In Olde City Philadelphia, Chestnut Street was a central location for meetings, banking and social gatherings. Benjamin Franklin, Thomas Jefferson and other American patriots often wandered through our neighborhood, dined and attended church nearby.
The corner of Second and Chestnut Street was a thriving hub in early American culture, with a local brewery and vibrant merchant shops. But come 1829, the 235 Chestnut Street Building, once the site of a local brewery, had a new owner with a new vision.
Mr. Elliott had desires of opening a doll manufacture business and later commissioned local architect Joseph Hoxie, best known for his work on the city’s churches, to design his new building. The Italianate structure that stands today was designed and in late 1856 Mr. Elliott’s dream came true.
Elliott’s Doll Manufacture served the city and neighboring communities for years. Over time, the Elliott Building housed a local dry goods store and other business ventures.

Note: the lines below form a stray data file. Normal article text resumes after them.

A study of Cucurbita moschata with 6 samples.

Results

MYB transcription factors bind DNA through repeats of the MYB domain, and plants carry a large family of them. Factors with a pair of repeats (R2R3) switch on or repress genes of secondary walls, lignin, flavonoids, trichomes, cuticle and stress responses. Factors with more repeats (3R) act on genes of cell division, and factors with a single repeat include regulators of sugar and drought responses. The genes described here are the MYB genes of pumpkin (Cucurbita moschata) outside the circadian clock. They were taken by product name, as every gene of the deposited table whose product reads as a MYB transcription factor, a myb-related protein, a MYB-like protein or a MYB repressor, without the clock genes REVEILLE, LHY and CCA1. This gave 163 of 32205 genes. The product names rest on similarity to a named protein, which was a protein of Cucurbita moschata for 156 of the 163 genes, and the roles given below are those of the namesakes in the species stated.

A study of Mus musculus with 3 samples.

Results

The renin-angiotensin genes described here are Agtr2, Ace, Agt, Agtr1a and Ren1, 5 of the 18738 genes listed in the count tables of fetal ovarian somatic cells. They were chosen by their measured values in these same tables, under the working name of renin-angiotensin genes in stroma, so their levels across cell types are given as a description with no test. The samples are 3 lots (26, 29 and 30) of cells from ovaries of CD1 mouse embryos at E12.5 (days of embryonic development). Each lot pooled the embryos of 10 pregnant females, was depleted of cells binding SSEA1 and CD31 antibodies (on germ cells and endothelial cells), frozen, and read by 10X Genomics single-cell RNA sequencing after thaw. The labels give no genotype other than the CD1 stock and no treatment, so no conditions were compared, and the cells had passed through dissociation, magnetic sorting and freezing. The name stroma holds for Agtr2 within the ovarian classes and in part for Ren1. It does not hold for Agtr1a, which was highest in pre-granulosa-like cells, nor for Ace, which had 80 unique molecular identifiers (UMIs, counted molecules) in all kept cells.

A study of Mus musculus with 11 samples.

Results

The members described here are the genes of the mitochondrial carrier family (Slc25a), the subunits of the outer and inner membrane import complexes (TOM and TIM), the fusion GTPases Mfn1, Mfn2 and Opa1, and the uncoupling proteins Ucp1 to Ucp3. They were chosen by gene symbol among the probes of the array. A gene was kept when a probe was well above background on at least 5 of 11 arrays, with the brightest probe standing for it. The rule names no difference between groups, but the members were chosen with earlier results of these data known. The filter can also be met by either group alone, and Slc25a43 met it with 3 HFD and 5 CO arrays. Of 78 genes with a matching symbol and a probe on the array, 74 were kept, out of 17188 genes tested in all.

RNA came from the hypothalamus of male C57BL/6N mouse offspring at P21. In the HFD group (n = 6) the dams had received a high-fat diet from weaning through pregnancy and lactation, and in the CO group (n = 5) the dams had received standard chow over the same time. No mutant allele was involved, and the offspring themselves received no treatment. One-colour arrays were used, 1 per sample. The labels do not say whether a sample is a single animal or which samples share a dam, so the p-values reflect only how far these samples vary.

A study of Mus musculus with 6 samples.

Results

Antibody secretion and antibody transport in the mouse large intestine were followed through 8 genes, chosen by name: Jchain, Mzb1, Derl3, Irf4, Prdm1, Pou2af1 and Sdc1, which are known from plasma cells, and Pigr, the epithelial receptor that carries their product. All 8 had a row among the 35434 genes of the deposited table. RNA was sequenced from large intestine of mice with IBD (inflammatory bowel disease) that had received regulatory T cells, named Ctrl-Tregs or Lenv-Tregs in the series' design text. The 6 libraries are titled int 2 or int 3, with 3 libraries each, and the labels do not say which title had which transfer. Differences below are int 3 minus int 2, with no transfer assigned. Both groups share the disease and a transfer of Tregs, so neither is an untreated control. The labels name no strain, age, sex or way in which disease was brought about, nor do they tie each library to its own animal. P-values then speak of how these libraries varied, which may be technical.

Over 100 years later, with the original granite store front and Mr. Elliott’s name above the roof, The Independence Park Hotel was developed as the cities first historic boutique hotel.
Designated by the US Department of Interior as a National Historic Landmark, the building and hotel are currently listed on the National Registry of Historic Places.
Today, the Independence Park Hotel welcomes guests to Philadelphia, blending old world charm and traditional hospitality with a host of modern amenities. The Inn’s carefully preserved grand staircase, 13 foot high ceilings and inviting lobby offer guests the ideal mix of Philadelphia heritage and a host of today’s comforts.
Welcome to Philadelphia.
Welcome to the Independence Park Hotel.